Enlivened by clear-cut disagreement between the speakers whose views were Keynesian in essence, and those who opposed the views of the English economist, the Dunster House Forum on Post-War Economic Collapse? was held last night before an audience of more than 200.

Professor Sidney B. Fay '96 presided over the meeting. Dean John H. Williams of the Littauer School, Professor O. M. W. Sprague '96 of the Business School, and Professors Alvin Hansen, Seymour Harris '20, Gottfried Haberler, and O. H. Taylor of the Department of Economics delivered short addresses. Then the floor was thrown open to questions and comments from the listeners.

Two Views

Williams, Hansen and Harris took the position that the cessation of United States armament outlays would constitute a severe shock to the economy after the European war was ended. The best way to mitigate the shock would be for the Government to embark on a program of directed, controlled deficit financing. During the armament boom, the national debt can be expected to rise, but this fact should not be permitted to interfere with rational methods of dealing with a possible post-war depression.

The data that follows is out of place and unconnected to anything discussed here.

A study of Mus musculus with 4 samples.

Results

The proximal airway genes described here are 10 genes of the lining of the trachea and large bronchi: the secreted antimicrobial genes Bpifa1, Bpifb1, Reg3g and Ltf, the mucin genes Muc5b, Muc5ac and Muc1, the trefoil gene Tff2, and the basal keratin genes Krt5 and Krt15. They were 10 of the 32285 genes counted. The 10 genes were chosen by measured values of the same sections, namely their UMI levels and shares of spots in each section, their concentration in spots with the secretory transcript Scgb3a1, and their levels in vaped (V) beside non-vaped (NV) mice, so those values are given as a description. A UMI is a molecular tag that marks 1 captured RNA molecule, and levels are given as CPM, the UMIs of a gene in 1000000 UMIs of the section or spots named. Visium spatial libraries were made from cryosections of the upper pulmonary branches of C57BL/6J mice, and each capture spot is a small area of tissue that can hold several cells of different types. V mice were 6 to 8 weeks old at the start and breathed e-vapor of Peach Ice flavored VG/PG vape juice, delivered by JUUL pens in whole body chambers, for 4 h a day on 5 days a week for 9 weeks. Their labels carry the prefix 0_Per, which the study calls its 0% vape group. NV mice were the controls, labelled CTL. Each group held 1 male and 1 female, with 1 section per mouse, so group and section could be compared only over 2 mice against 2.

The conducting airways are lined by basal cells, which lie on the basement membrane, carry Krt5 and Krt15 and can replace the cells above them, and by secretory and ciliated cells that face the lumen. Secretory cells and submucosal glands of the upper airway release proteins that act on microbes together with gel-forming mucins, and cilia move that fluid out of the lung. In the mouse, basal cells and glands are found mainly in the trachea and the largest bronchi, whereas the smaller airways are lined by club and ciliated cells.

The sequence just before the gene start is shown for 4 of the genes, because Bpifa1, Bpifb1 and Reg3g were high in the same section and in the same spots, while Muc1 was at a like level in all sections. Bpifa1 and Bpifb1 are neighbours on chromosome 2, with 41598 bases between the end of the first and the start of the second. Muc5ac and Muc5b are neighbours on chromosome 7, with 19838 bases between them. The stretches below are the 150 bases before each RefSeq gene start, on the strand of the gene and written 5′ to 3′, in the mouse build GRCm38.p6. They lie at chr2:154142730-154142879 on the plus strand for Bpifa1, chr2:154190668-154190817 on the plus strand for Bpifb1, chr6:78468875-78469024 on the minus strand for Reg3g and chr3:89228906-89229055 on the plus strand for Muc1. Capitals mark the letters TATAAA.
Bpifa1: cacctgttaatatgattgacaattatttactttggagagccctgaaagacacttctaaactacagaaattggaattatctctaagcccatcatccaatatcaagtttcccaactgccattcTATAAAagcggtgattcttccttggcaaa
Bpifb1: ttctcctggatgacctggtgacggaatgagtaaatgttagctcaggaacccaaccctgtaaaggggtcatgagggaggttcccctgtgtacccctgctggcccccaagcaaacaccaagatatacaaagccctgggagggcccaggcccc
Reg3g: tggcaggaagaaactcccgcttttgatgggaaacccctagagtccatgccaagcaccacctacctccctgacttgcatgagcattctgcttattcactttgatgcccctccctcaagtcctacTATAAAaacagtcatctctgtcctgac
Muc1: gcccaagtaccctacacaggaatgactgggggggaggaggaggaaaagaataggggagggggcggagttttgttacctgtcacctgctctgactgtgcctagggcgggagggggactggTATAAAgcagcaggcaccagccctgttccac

That in the stimulation of private investment lay the hope for post-war stability was the opinion of Sprague. To some extent Haberler and Taylor shared this view. If the high taxes are laid now on the sale of automobiles, then fewer cars will be bought.

Demand for Cars

After the war, the accumulated demand for new cars will ease the transition from the war to a peace economy. If large-scale borrowing, and high taxes to pay interest on the resultant debt, are used, then businessmen will be discouraged, will not increase their output of goods and their investment in new capital after the war.

The discussion of the possible effects of an astronomical public debt brought heated comment from the oldest living Harvard graduate, Charles N. Fay '69.